I think I’ve Been Sexually Harassed at Work, but What Do I Do?
Some people may define sexual harassment as the act of someone blatantly requesting sexual favors, or even outright sexual assault. But, sexual harassment is more than just that. Sexual intimidation, lewd jokes, and work pornography can also be considered sexual harassment and do not have to be tolerated.
Identifying Sexual Harassment
Sexual Gestures – blowing a kiss, winking, acting out sexual activity, etc.
Sexual remarks – inappropriate jokes or comments, derogatory statements, etc.
Explicit questions – asking for inappropriate favors, asking private or uncomfortable sexual questions, etc.
Unwelcomed actions – giving gifts, hugging, flirtatious attention, kissing, touching, etc.
Sexual emails or notes – graphic photos, pornography, letters, etc.
Sexual objects – magazines, books, adult toys, lingerie, lipstick, etc.
Retaliation towards rejection of unwanted advances – not allowing for promotion based on refusal for a date, assigning unfair work responsibilities, harassing you to quit, etc.
Sexual Harassment Can Happen to Anyone
It’s important to remember that sexual harassment is not gender exclusive, both men and women can experience sexual harassment – and it doesn’t have to be the opposite sex against the other to qualify. Same-sex sexual harassment is just as wrong.
Workplace Harassment Doesn’t Have to Occur at Work
Often sexual harassment occurs in environments where the harasser feels more comfortable to act out, or in circumstances that seem as though he/she will not be caught. Workplace sexual harassment can take place outside of work too, including:
Off-site office party
Client’s place of business
Off-site work environments
Knowing how to identify sexual harassment is the first step towards educating yourself – but what happens if you experience sexual harassment at work? The #MeToo movement has encouraged people to speak out about their own experiences, but it doesn’t answer the questions of how to go about reporting harassment. It’s important to be sure that you remain protected if you ever experience such unfortunate circumstances.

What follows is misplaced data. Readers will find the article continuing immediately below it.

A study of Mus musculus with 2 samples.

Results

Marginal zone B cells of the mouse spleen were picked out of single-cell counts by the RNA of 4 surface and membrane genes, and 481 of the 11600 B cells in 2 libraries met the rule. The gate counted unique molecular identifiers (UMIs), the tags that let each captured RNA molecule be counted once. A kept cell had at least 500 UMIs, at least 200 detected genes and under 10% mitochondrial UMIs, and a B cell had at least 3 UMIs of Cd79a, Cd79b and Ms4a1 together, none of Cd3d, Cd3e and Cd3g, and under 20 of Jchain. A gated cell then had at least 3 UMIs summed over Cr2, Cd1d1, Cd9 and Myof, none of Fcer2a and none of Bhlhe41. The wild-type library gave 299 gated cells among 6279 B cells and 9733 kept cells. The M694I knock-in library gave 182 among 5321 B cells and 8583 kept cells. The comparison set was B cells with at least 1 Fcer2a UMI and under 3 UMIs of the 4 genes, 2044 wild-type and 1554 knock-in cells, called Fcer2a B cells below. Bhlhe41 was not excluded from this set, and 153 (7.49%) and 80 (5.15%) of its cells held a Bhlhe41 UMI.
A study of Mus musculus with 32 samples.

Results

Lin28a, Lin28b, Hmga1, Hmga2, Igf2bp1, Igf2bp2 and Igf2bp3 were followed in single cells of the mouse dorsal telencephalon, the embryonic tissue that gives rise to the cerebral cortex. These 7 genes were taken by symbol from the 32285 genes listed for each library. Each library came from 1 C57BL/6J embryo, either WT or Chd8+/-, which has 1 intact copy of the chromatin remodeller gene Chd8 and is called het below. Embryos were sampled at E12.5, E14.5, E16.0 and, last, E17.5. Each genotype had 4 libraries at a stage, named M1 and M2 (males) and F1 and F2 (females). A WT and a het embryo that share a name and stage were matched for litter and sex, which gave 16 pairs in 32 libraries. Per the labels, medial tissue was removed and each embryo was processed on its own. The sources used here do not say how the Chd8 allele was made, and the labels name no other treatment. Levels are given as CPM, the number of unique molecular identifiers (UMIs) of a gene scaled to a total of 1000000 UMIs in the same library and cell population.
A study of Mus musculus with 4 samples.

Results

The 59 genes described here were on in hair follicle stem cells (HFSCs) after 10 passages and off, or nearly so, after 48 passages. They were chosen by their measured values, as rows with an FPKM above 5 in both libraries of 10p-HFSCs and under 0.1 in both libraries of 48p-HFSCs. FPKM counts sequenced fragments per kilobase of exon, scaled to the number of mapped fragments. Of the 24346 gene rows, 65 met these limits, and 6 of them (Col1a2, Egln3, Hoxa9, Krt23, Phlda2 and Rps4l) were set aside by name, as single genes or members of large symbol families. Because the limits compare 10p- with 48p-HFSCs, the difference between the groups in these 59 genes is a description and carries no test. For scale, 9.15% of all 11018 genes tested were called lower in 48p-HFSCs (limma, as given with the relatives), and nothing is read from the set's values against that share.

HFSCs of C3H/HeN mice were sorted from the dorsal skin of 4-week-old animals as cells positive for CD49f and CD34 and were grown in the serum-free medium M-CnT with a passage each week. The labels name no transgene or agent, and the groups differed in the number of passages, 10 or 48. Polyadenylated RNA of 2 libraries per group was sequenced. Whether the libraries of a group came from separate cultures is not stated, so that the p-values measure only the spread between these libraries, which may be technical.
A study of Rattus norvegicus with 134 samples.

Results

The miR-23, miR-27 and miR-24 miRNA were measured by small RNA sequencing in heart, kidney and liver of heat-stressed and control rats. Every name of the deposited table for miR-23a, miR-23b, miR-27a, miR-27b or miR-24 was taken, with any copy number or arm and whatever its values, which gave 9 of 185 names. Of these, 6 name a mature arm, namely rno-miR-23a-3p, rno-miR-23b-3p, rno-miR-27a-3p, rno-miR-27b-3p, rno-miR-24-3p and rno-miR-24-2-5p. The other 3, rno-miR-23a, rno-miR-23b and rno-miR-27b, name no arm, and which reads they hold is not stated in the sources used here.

In some cases, people cannot afford to risk their job in the event of the information being reported and getting in the wrong hands. This can cause hesitation toward speaking out. However, there is a way to report sexual harassment and still keep yourself and your job safe. There are laws in place to help you exercise your rights.
What to Do About Workplace Sexual Harassment
Inform the harasser that the advances are unwelcome.
Take detailed notes of the incident(s) and save any evidence (emails, text messages, etc.) for your records. In some cases, it comes down to your word against there’s. Having the event(s) documented will help you to recall all instances accurately.
Review the company’s sexual harassment policy which can be found in your employee handbook. Follow the procedure put in place. Typically, the policy will encourage employees to report the incident to their supervisor or Human Resources department.
If your employer fails to act to protect your interests, contact an attorney to help you navigate through the legal process that may start with filing a sexual harassment complaint with the Equal Employment Opportunity Commission. It is important to have credible and experienced representation in sensitive cases such as sexual harassment, so be sure to do your research on the lawyer’s past cases.
We Stand with You
Fear can prevent people from reporting sexual harassment, but it’s important to do so to make sure it doesn’t happen to you or anyone else again. It requires a lot of bravery to speak out, that is why we are here to help guide you through it. At the Mazaheri Law Firm, we have informed, compassionate attorneys that specialize in employment law that can assist you on how to go about protecting yourself. Schedule a consultation now at (405) 645-6022.